I was meaning to write on the 55% proposal in the coalition document, and then I saw that mpk had said pretty much exactly what I wanted to say anyway, in his post 'When a confidence vote is not a confidence vote' - so here is his post (reposted with permission) There has been much brouhaha from people who should really pay closer attention to the details about the proposals as part of the UK's new coalition agreement for a fixed-term parliament to require a vote of 55% of MPs to dissolve it.
The essential thing to remember is that the government is not Parliament. The government is formed from among the ranks of Parliament, but the two are different entities and the two motions proposed reflect this:
- A motion of no confidence is Parliament expressing a lack of confidence in Her Majesty's Government, and can be passed - as today - with 50% of voting members plus one member. If it passes the government falls and we need to find a new one.
- A motion of dissolution is Parliament expressing a lack of confidence in itself, and in its ability to produce a viable government from among its ranks. It will be able to be passed with 55% of MPs voting in favour. If it passes Parliament is dissolved and a general election is called.
It looks a lot less menacing when phrased in this manner, and what's really inexcusable is the number of MPs who really should already know these kind of details sounding off about how outrageous the 55% threshold is. Is it really? We're looking here at the same parliamentarians who passed the Scotland Act 1998, which defines the parameters under which the Scottish Parliament functions. The Scottish house already has a mechanism to dissolve itself in this manner - but there it requires a two-thirds majority. In other places with Westminster-style parliaments this is not uncommon.
What's really happening is that with fixed-term Parliaments, the Prime Minister relinquishes the right to ask the Queen to dissolve Parliament at a time of his or her choosing. There therefore needs to be a new mechanism to give Parliament the ability to dissolve itself - as a no confidence motion only forces the resignation of the government.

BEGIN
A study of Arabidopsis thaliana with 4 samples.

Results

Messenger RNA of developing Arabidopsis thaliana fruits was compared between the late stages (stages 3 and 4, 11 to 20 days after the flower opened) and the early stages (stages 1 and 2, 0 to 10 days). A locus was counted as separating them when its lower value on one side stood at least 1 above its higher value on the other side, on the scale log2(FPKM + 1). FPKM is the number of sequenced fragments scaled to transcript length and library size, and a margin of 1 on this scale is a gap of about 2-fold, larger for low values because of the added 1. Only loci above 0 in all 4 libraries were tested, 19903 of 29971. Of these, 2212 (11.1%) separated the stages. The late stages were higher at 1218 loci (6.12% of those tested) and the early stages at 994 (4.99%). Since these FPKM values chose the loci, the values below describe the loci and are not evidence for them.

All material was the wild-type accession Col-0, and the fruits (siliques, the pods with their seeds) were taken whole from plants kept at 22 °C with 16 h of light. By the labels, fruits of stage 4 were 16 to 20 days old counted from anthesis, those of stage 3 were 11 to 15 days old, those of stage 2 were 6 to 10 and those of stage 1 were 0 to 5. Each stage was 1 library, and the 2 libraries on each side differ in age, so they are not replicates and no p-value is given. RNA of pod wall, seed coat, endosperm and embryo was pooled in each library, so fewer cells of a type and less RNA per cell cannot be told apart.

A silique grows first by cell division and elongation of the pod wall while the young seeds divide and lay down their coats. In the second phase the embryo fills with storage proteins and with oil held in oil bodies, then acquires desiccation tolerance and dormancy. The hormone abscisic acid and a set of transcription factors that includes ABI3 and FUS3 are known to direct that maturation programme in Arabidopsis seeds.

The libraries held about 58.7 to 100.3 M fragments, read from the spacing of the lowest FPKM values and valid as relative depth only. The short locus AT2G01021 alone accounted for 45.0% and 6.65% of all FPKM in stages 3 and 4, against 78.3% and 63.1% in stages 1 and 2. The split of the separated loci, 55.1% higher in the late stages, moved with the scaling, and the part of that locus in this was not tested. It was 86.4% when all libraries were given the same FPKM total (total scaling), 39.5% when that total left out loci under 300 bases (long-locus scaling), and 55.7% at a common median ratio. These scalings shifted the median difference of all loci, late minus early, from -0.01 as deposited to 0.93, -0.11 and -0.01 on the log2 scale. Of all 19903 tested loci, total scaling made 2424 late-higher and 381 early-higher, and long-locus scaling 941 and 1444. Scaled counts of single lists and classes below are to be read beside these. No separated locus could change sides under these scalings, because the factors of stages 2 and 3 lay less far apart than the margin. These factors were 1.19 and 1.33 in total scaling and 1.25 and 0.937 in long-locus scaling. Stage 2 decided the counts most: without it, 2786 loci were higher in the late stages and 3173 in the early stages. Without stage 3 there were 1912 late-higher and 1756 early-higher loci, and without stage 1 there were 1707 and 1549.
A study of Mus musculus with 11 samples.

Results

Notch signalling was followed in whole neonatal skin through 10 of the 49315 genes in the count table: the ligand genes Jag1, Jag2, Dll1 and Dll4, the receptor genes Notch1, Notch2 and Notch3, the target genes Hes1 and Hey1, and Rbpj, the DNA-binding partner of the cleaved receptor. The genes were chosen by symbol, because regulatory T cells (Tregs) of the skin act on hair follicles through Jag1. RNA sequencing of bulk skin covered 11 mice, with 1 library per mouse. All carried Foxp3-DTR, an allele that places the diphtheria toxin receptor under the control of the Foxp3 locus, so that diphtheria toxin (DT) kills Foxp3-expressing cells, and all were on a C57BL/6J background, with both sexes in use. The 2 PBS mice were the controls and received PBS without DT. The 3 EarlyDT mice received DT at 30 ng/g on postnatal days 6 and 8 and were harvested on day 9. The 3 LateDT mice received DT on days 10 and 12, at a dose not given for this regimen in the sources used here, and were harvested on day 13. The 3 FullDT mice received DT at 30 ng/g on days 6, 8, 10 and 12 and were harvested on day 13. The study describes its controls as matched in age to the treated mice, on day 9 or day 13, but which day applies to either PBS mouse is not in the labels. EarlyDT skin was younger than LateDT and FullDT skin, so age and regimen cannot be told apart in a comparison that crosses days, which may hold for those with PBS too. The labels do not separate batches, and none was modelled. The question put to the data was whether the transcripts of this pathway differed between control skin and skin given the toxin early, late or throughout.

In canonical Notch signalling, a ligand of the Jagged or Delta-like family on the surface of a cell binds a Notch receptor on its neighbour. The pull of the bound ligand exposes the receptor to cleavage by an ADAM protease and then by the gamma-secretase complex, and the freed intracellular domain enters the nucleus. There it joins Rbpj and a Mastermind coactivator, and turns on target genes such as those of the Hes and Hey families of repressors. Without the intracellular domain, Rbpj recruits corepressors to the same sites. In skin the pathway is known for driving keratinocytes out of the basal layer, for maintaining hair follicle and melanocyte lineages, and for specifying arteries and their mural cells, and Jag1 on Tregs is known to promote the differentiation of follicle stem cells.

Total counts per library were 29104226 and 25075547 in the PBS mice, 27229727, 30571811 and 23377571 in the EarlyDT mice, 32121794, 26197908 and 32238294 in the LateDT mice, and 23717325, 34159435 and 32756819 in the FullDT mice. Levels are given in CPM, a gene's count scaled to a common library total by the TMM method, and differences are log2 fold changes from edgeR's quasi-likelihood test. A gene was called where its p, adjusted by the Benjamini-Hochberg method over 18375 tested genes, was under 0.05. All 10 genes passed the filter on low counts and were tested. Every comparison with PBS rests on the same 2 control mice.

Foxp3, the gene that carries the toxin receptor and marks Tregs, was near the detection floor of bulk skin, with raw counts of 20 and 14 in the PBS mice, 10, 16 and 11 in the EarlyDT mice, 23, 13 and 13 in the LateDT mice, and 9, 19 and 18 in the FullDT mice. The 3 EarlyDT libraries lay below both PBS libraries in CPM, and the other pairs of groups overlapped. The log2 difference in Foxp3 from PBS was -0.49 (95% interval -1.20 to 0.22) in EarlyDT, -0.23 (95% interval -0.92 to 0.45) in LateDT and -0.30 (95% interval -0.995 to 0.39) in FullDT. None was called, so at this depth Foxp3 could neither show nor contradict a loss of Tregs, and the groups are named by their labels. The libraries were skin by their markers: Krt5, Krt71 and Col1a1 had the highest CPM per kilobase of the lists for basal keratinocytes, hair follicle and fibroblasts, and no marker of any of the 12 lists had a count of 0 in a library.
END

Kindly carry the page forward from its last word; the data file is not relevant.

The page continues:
In a coalition government or under proportional representation, it's quite likely that there will be multiple coalition possibilities. If the current Con/Lib coalition were to fall to a confidence motion, there would be nothing to stop Labour trying to put together a coalition of its own (perhaps the 'coalition of the progressive' touted last week) and being invited to form a new government by the Queen if it looks like they can make it work. This is essential if we are to move away from a de facto two-party system, but also to prevent tiffs among coalition partners from forcing elections at the drop of a hat. Only if a new Government can't be found would Parliament elect to dissolve itself and force an election, and compared to the countries where 2/3 is the requirement I don't think 55% is an entirely rebellion-proof threshold.
I've got no problem with people being opposed to the 55% threshold - that's democracy - but I do have a problem with people not getting their facts right, as I am an obsessive nerd who cannot stand it when someone is wrong on the Internet.